America’s Future Held Hostage? One Success Story Signals Freedom from China’s Rare Earth ‘Cartel’

Disruptions in key supply chains throughout the pandemic exposed a serious vulnerability: One of America’s greatest adversaries basically controls the needs of key U.S. industries. 

The elements needed for some of the most commonly used technologies in the world today are relatively abundant in the earth’s crust, including here in the United States, but when it comes to the global supply chain, it’s almost entirely controlled by China. 

“China produces about 65 percent of global rare earth mining, some 85 percent of processing, and about 90 percent, or a little bit above that, of the actual magnets that we use in our devices every day,” explained Frank Fannon, CEO of Fannon Global Advisors and former Assistant Secretary of State for Energy Resources. 

As the relationship between Beijing and Washington seems to crumble, demand for tech that relies on rare earth elements is only building.

“Rare earth materials are 17 elements on the periodic table. So it’s not just one element, and they’re used for all sorts of applications across modern life. But what they are really essential for in the context of today’s world is they are used to produce the highest strength magnets that power electric motors and generators of all kinds; everything from electric vehicles, to wind turbines, to drones, robots, and some of the most advanced weapons systems that keep us safe for defense applications,” said Matt Sloustcher, Senior Vice President of Communications and Policy at MP Materials.


“We were a leading producer of these before, we can do so again,” Fannon told CBN News.

“Early companies in the United States pioneered some of the most cutting edge compounds for rare magnets. However, like many of the strategic supply chains we’re now so focused on on-shoring, beginning in the 1980s and 90s we largely off-shored these industries because the United States decided to specialize in other areas,” Sloustcher explained. 

In 2017, the owners of MP Materials bought an abandoned mine in the Mojave Desert. Their goal: use it to create a complete magnetic supply chain. In less than a decade, they’ve almost accomplished it with the Mountain Pass Mine, now the largest rare earth mine in the United States.

“Today, we produce around 15 percent of the global rare earth content. But what we need to bring back to America, and what we are in progress of bringing home, is the ability to refine those materials domestically, and then to produce the metals, alloys, and magnets themselves,” Sloustcher said.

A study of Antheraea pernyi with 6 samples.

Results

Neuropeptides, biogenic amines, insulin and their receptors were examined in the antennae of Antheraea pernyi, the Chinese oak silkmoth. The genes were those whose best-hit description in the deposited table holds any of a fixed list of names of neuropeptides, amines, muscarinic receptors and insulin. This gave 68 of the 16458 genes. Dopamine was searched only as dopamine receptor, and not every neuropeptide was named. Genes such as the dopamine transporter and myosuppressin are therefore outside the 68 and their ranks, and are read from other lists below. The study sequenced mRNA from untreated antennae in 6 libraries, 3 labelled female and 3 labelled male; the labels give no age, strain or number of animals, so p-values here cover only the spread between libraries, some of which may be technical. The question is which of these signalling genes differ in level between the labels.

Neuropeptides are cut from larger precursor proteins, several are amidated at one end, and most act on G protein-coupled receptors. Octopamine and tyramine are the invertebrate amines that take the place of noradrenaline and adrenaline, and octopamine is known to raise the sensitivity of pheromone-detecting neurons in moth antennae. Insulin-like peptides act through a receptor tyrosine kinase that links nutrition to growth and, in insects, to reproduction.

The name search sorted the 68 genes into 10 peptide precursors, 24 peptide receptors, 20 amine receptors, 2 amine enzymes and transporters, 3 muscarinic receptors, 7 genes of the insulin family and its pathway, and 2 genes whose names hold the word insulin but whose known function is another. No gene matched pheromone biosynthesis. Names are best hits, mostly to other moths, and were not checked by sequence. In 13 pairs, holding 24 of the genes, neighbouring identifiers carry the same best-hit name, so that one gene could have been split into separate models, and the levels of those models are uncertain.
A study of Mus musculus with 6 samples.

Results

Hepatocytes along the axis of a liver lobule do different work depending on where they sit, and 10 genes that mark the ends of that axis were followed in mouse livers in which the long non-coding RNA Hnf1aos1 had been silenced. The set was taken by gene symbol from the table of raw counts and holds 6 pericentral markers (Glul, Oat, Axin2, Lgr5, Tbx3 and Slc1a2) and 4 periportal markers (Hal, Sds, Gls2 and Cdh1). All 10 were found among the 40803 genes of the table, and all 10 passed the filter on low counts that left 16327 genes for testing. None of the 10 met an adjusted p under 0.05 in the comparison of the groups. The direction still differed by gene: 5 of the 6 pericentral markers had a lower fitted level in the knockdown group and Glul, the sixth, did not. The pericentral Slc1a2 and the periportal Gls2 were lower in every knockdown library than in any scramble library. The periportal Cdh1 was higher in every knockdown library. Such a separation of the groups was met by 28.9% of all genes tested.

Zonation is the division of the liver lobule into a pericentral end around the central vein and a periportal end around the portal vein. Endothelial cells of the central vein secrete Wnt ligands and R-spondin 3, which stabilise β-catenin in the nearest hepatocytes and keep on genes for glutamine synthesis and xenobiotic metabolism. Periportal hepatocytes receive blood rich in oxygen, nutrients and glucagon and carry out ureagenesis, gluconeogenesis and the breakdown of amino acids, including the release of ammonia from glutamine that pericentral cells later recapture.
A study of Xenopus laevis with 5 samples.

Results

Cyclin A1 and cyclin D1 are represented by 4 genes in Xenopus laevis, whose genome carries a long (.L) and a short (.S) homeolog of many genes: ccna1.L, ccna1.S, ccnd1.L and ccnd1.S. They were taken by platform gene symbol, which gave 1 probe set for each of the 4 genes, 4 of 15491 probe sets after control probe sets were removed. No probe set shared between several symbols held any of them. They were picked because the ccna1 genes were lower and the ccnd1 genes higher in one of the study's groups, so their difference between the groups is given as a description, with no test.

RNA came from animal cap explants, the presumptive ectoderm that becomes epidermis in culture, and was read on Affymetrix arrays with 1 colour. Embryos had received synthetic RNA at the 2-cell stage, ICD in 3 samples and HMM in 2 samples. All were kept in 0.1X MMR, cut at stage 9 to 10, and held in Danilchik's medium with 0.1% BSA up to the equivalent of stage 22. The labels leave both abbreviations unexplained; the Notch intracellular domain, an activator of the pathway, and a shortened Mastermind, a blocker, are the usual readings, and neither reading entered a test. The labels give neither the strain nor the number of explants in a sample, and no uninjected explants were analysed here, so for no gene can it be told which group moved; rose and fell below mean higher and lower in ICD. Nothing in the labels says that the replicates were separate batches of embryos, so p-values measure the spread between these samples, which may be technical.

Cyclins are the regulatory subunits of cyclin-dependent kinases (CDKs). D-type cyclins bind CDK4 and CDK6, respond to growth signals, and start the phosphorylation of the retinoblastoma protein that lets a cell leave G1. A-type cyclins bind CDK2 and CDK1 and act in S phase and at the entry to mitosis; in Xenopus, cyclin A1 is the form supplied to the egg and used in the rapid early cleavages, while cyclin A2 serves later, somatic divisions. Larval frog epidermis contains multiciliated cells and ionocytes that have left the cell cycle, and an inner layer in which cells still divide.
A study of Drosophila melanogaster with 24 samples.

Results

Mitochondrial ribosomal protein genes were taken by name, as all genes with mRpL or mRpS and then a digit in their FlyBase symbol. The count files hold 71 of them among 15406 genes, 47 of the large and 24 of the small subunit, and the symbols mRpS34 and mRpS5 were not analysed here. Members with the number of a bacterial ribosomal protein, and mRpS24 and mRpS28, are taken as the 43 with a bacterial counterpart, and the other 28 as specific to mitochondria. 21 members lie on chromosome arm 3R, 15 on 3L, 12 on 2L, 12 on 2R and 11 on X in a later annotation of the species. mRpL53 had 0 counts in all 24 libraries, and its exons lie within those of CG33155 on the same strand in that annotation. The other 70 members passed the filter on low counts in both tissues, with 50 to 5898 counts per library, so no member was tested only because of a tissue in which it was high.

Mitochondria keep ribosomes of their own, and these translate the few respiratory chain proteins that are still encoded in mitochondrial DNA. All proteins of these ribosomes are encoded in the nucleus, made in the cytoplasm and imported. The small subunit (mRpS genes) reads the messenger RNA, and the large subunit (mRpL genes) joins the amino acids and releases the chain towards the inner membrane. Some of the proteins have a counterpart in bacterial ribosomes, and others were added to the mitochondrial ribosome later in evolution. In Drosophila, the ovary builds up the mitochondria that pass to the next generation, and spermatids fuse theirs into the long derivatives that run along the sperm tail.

He says the company is moving full steam ahead on the final steps of this supply chain. 

“We’re now at the point where we can begin the commissioning of that refining step. Simultaneously, in Texas, what we’ve been doing for the past 18 months is building a team and constructing a factory to produce metals, alloys, and magnets,” Sloustcher told CBN News.

The project has the support of both the public and private sectors. Back in 2021, General Motors agreed to buy the magnets produced for use in their electric vehicles. The Department of Defense is also interested, investing $10 million in 2020, and another $35 million in 2022. 

“In order to create energy security in the United States, we need to have commercial scale champions that can feed into our large manufacturers that will provide commercial resiliency, and it will also enable us to ensure that the defense needs are met,” Sloustcher said.

Creating this kind of supply chain here has bipartisan support. Fannon says the Trump administration also backed the project.

“In the case of MP Materials, we were very supportive of some of their work, you know. They actually had a Chinese interest investor who had a significant investment, and we worked with MP and were very supportive of their outreach to other investors to effectively dilute the ownership stake of the Chinese interests, so much so that they exited the board,” said Fannon.

He sees China essentially operating as a cartel when it comes to its control over the rare earth industry. Case in point, recently moving toward banning exports. 

“They announced that they intend to withhold, to restrict the export of rare earth element technology to other countries, restrict other countries to be able to basically compete with them in the rare earth space,” Fannon said.

These materials will also play a significant role in the U.S. clean energy transition, with demand expected to triple over the next decade. Fannon says both the federal government and the corporate sector must stop undermining U.S. strength and security by continuing to turn to China for cheap, clean energy goods.

“They’re seeking to create, and are, the dominant supplier to meet the West’s environmental objectives…the Chinese have been using our values against us as a weakness. I believe if we mobilize them, it can be a strength in terms of the marketplace,” Fannon explained. 

Fannon says it’s imperative the U.S. fully commit now to building the clean, secure, and resilient supply chains needed in the future, a future that must not rely on China.